Duke defense shuts down Deacs
By Aaron Beard
DURHAM — Duke isn’t the high-scoring machine it’s been in recent years. The way the Blue Devils are playing defense, they can get away with less offense.
Greg Paulus scored 17 points while the 14th-ranked Blue Devils held Wake Forest to one of its worst scoring games in a half-century in a 62-40 win Thursday.
The Blue Devils (15-3, 2-2 ACC) shut down the Demon Deacons, hounding freshman point guard Ishmael Smith on the perimeter and completely disrupting their transition attack. By the time it was over, Wake Forest had matched its second-lowest scoring total since the ACC’s inaugural season in 1953-54.
Even demanding coach Mike Krzyzewski could find little fault. Making it even sweeter was how his young team ignored its ups and downs on the offensive end along the way.
“Our defense was excellent,” Krzyzewski said. “It was rock solid. … That’s a really good sign for a team, that you don’t let missed shots let you miss assignments on the defensive end.”
The Blue Devils came in as the league’s best scoring defense at 56.1 points per game, though that number is skewed by their slower-paced offense that ranks last in the ACC.
However, Duke entered the game ranked second in the league by holding opponents to 39 percent shooting and first by holding teams to 27 percent from behind the 3-point arc. The scoring average was on pace to rank best in school history, while the shooting marks would rank among the best in Coach K’s 27 years here.
On Thursday, the Blue Devils held the Demon Deacons (9-8, 1-4) to 33 percent from the field and 3-for-11 from 3-point range with 21 turnovers and just five assists. That was more than enough to offset an offense that shot 44 percent and went nearly six minutes without a point in the second half.
“There’s no plays off,” said David McClure, who finished with seven points, six rebounds and three steals off the bench. “Especially in a conference like the ACC, teams are so talented that any little burst can give them a run and can force a 10-point swing.”
Wake Forest’s previous low was 58 points in a loss to Air Force in November. Meanwhile, Smith — the ACC’s assist leader at 6.3 per game — finished with no assists and eight turnovers while being taunted all night.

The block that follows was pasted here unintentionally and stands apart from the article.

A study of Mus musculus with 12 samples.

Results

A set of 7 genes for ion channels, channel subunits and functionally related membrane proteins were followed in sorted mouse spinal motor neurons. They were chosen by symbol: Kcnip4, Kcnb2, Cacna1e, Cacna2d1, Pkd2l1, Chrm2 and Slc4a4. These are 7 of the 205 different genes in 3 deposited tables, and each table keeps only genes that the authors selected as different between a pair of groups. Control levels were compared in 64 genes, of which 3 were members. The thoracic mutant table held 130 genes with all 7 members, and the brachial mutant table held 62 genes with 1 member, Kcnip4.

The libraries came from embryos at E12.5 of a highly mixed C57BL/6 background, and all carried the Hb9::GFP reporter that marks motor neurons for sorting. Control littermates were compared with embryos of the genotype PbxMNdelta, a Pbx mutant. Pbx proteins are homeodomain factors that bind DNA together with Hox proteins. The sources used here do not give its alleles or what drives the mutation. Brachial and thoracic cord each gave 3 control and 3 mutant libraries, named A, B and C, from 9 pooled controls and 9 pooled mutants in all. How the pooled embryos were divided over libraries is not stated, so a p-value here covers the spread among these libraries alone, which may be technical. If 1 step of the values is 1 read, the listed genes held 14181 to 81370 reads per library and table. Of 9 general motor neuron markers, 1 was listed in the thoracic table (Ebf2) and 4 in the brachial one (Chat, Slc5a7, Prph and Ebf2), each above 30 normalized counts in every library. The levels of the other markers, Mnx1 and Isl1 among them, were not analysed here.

“Their pressure defense is probably the best we’ve faced so far,” said Kyle Visser, who was the only Demon Deacon in double figures with 12 points. “They get up in our guards and take away any kind of pass.”
The Blue Devils got better play from Paulus, who had 14 first-half points — including four 3-pointers — to help them build a 35-21 halftime lead.
Paulus’ play was a welcome sign after a recent woeful stretch. He went scoreless with one assist and six turnovers in the overtime home loss to Virginia Tech, and he had six points and three assists off the bench in a loss to Georgia Tech.
He bounced back with 15 points in the weekend win at Miami and followed that with a one-turnover day against Wake Forest.
“It didn’t change anything,” Paulus said of his benching against the Yellow Jackets. “My mindset is still going to be the same, whether I’m coming off the bench or whether I’m starting.”
He didn’t get a lot of scoring help from his teammates, who had trouble knocking down shots much of the night. Duke missed 14 of 19 attempts to open the second half, but Wake Forest was unable to cut the lead below double figures.
Eventually, the Blue Devils pushed the lead to 55-35 on a dunk by Josh McRoberts with three minutes left, and Paulus hit his final 3 to make it 62-38 in the final minute.
“I think he’s definitely playing with more confidence,” said McRoberts, who had 11points, eight rebounds, six assists and three blocks. “Some of the shots you’ve seen him take tonight were shots he probably wouldn’t have taken earlier in the year.”
The Demon Deacons have lost the past 10 games at Duke by double figures dating to their last win, which came during Tim Duncan’s senior season in 1997.
“I don’t think we are very confident,” coach Skip Prosser said. “We haven’t given ourselves reason to be very confident.”